Fayza Haq

Kathrina Rudolph is here from Munich to present water-colour portraits of Bangladeshi women. She met these people in her earlier trips to Bangladesh, when she came to visit her son, Lukas, who was working here as a volunteer for a year. Kathleen was so moved by the simplicity and beauty of the people that she photographed them, and worked on their portraits, slowly and carefully, back home. " I wanted others to know that one can fight through life despite all obstacles," says Kathleen. She studied these faces in the villages, accompanied by Farhana Sayeda, another artist. She says that through these portraits she wanted to capture the life and atmosphere of Bangladesh. These pastel creations are on display at Alliance Francaise gallery.

Kathrina does a lot of her work in the gesso technique. "This takes a long time to do. You have to heat and soak the glue. You have to put the chalk in layers, maybe 12 in all. The sanding also takes a long time and has to be done carefully or scratches set in. The main thing is that you can engrave on a sheet. The colour is particularly pale," says Kathrina."The soft brightness represent the element of hope in the women," she adds

In the first picture we see a woman in a brown sari with a matching border. The backdrop is yellow with geometrical design on two sides. The lines depict the subject as someone bold and ready to take on the world in her stride . Each strand of hair and design on the blouse has been brought in, as in old- fashioned gilded religious paintings. The sari matches with the design at the back of the figure.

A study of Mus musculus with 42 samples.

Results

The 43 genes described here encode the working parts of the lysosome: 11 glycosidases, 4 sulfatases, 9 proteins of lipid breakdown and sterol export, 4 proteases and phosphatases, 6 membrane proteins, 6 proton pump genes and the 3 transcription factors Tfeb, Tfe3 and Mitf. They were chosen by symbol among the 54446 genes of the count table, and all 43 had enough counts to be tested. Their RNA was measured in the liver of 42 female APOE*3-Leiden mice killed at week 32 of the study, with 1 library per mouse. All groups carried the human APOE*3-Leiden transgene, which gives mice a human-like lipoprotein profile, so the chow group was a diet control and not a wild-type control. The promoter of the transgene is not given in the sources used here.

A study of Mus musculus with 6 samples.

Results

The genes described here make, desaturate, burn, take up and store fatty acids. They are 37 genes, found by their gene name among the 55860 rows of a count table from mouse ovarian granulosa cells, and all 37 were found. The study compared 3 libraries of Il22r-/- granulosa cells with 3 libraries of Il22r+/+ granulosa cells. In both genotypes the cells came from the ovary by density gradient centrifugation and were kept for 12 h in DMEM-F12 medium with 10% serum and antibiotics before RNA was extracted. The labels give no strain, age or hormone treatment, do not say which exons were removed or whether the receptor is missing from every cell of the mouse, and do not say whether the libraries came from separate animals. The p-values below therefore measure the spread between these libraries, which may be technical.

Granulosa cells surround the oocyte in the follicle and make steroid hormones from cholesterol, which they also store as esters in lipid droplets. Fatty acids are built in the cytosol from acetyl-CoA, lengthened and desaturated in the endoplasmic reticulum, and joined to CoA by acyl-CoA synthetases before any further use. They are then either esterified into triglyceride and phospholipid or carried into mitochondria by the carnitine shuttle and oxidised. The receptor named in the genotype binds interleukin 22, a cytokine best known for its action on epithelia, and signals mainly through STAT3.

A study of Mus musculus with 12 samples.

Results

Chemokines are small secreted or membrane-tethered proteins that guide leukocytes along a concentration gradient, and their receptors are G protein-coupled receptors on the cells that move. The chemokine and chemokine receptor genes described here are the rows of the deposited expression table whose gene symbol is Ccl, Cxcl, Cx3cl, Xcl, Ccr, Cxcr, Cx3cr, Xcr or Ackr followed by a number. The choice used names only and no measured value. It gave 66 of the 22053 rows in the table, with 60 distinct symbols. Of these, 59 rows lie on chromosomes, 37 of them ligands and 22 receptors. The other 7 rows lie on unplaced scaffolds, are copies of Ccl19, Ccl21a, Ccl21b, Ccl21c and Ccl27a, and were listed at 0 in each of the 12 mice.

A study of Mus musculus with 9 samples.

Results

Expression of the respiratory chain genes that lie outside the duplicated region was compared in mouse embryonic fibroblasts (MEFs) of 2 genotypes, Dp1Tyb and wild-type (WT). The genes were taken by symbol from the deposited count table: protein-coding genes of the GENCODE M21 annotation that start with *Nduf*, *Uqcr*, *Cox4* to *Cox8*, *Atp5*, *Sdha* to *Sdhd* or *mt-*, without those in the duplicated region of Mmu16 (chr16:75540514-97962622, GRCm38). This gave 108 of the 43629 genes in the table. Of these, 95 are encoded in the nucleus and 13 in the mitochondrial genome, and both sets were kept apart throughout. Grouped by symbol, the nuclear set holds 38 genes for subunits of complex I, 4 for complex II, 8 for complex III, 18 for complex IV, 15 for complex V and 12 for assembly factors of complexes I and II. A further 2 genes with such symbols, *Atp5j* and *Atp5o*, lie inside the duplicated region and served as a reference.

The next subject has ornate, intertwining , floral motifs on her sari. The same design is featured in black at the back. The delineations of the lines leads the viewer to study the character of the person. The lemon yellow in the sari speaks of pain for the artist, who sympathized with the subject -- who had lost her husband only a few days before. This portrayal too aims at presenting the struggle and strife in a woman's life. "She has no escape from her present circumstances -- this is what I wanted to stress," says Kathleen.

The next portrait is that of a Brahmin woman, with bright pink Jamdani motif in the backdrop. Kathrina tells us that she looks after not only her own family but also a temple.

Another has been depicted in a "kameez". She has a long strip of film placed at the back like a design. This is a pattern of her "kameez" which has been continued at the back of her head. The woman happens to be a documentary film maker.

The last portrait is also that of yet another hard working woman, who is satisfied, despite the problems and disappointments that she has faced in life. "These women have no cars or houses. They are not feted in public but they are admirable for the way they have faced life with courage and determination," says Kathrina." It's people like these who present a friendly front to visitors like myself, so that I can get on with my work, not knowing the language or the place."

As for the unusually large water colours, they too were done in Germany.

The portraits have been carved out delicately and precisely with special tools. Working on them in Germany, it took the artist almost a year to complete them.

Kathrina Rudolph has had six solo exhibits and six group displays.